Supported Sobriety for People with Concurring Developmental Disorders

Jul 30
Hannah Jurewicz, Senior Director
Dungarvin Connecticut
Supported Sobriety Dungarvin CT

Thousands of individuals with problem drinking and drug misuse do not recover due to the lack of specialized programs that meet their needs. Dungarvin Connecticut’s Supported Sobriety addresses addiction recovery for those with concurring developmental disorders: Substance Use Disorder, Mental Health Disorders, and Developmental Disabilities, including Autism Spectrum Disorder, or other learning disabilities. Individuals with Substance Use Disorder may not have been properly diagnosed. These include learning disabilities from damage to the parts of their brains that control attention, concentration, memory, perception, impulse control, and judgment, that occurred from falls, violence, or motor vehicle accidents while under the influence or drug seeking. This under-identified but increasingly studied population has intensive, long-term support needs.

Following the actions included in Supported Sobriety’s S.O.B.E.R., many individuals have achieved sobriety, attend 12-step meetings, are employed or seeking employment, and participate in recreation and faith-based activities.

S.O.B.E.R. is a mnemonic device to assist providers recall and implement the steps to Supported Sobriety.


Screen and assess for the presence of a learning disability.
Observe and identify the barriers to maintaining sobriety.
Build skills through the Five-Step, Twenty-four-Hour Plan, strategies, tools, and 12-step meetings.
Education with daily practice and participation.
Repetition to maintain and support sobriety.

Early Outcomes 2013-2017

  • Twenty-one adult individuals have been admitted to the program since 2013; 19 males and 2 females. However, three left the program prior to engaging in it, against advice, leaving eighteen in total. The age range is from 27-61 years old, with the average age being 44. The participants’ ethnicity include 6 Caucasian, 6 African-American, 1 Caucasian/African-American, 3 Latino/a, 1 Latino/a/African-American, and 1 Native American/Caucasian. In addition to meeting the above criteria, 10 participants were also diagnosed as having antisocial personality disorder, anxiety disorder, attention deficit hyperactivity disorder, bipolar disorder NOS, depressive disorder NOS, schizoaffective disorder, and schizophrenia disorder, paranoid type. Due to the under-identified psychiatric diagnoses with this population, it is not clear if more of the participants may have some, all, or different co-occurring psychiatric disorders.
  • Effectiveness of this clinical approach has been measured by ability to maintain sobriety, attendance at 12-step meetings, and relationships with those in the fellowship, employment, family re-engagement, and community integration as measured by community, faith-based, or recreational activities.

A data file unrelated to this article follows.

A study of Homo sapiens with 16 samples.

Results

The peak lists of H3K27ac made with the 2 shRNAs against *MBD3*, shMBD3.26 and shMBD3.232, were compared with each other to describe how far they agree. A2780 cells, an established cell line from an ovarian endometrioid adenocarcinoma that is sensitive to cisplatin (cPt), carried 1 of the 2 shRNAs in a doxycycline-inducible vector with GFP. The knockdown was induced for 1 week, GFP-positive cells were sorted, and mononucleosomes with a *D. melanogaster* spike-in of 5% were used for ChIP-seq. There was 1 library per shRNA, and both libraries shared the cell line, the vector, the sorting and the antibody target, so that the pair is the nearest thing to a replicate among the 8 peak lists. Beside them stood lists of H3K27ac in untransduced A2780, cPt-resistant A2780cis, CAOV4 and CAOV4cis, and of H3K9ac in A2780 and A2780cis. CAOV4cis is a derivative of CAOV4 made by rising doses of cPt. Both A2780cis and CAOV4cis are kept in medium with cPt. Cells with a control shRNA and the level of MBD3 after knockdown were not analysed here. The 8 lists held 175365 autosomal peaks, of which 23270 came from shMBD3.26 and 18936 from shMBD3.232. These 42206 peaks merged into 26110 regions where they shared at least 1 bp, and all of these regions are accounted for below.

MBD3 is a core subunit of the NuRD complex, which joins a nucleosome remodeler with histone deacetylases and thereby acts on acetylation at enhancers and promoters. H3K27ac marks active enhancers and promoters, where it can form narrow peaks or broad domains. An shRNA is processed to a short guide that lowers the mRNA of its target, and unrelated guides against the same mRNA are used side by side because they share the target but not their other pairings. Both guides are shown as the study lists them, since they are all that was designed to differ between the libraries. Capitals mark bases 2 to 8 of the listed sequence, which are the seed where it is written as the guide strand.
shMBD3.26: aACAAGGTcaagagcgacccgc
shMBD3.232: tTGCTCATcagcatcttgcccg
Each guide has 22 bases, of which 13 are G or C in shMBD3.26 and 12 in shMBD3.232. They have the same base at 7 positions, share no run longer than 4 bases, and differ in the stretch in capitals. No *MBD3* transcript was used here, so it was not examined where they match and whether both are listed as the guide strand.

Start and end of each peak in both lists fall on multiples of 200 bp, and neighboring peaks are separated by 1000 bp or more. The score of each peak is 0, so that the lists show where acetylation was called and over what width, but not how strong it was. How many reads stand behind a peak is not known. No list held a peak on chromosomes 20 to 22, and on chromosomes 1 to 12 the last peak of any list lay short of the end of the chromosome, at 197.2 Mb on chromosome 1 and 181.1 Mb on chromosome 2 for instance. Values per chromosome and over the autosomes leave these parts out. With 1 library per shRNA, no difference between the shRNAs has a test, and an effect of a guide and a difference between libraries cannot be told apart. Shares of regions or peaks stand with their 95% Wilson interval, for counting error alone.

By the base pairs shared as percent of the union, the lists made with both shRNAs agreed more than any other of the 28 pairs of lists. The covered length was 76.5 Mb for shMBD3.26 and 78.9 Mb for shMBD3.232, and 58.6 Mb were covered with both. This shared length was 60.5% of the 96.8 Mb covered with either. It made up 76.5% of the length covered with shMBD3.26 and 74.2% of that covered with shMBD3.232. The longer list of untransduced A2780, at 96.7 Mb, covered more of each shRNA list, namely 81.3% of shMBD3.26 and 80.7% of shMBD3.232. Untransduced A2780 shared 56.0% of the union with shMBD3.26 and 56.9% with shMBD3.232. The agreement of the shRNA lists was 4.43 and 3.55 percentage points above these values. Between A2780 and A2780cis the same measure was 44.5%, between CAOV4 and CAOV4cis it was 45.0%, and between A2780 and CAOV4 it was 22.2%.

• Fourteen (78%) of the 18 individuals continue to express willingness to stay sober. Ten (56%) have maintained continuous sobriety since admission, while eight (44%) relapsed and four (22%) restarted their sobriety shortly thereafter.
  • Four (22%) of the eight who relapsed, expressed lack of willingness to participate in the program after starting. Two were ultimately re-incarcerated due to probation violations, but were re-admitted upon completion of their sentences. One of those previously incarcerated selected to participate in the program is currently sober and engaging in positive recovery activities including AA meetings, job searching, and reengaging with friends and family. The other returned to the program after being released from jail, but declined to participate in the program after re-admission, and is currently homeless. The other 2 who declined to participate in the Supported Sobriety approach continue to receive support in the community, but have not been able to stay sober, participate in employment seeking activities, or engage with family or friends. Their future remains uncertain, although we continue to provide outreach in an effort to re-engage their willingness to try sober living.
  • Twelve (67%) attend 12-step meetings regularly, and two (11%) have 12-step sponsors. Nine (50%) are employed, four (22%) are seeking employment, five (27%) are in employment skill-building training, and one (.05%) is living in skilled nursing facility. Eleven (61%) are reconnected with family and have made friends in the community through recreation and faith-based activities. For the remaining seven (39%) which includes some of those that relapsed, their families are not healthy recovery environments for them, or the individuals do not have identified family members.

The aim of the Supported Sobriety clinical approach is to provide informed and flexible interventions for providers to effectively support individuals in order to build essential coping skills to achieve and maintain stable sobriety. Without an existing comparable approach or program, it is difficult to analyze comparatively what the outcomes are with Supported Sobriety. The current outcomes for this approach seem promising. Of the eighteen individuals who had not otherwise been able to maintain sobriety on their own and were residing in prisons or institutions or were homeless, more than half (56%) achieved continuous sobriety, and less than half (44%) relapsed. Some of those were able to restart their programs to restore their focus on sobriety. 50% obtained employment, and only two were re-incarcerated for short periods during their program participation. Most (70%) are enjoying family relationships, and all are engaged in the community in positive ways.

To learn more about how you can incorporate Dungarvin Connecticut’s Supported Sobriety program using S.O.B.E.R. in your clinical approach, contact Hannah Jurewicz at or (860) 948-0699.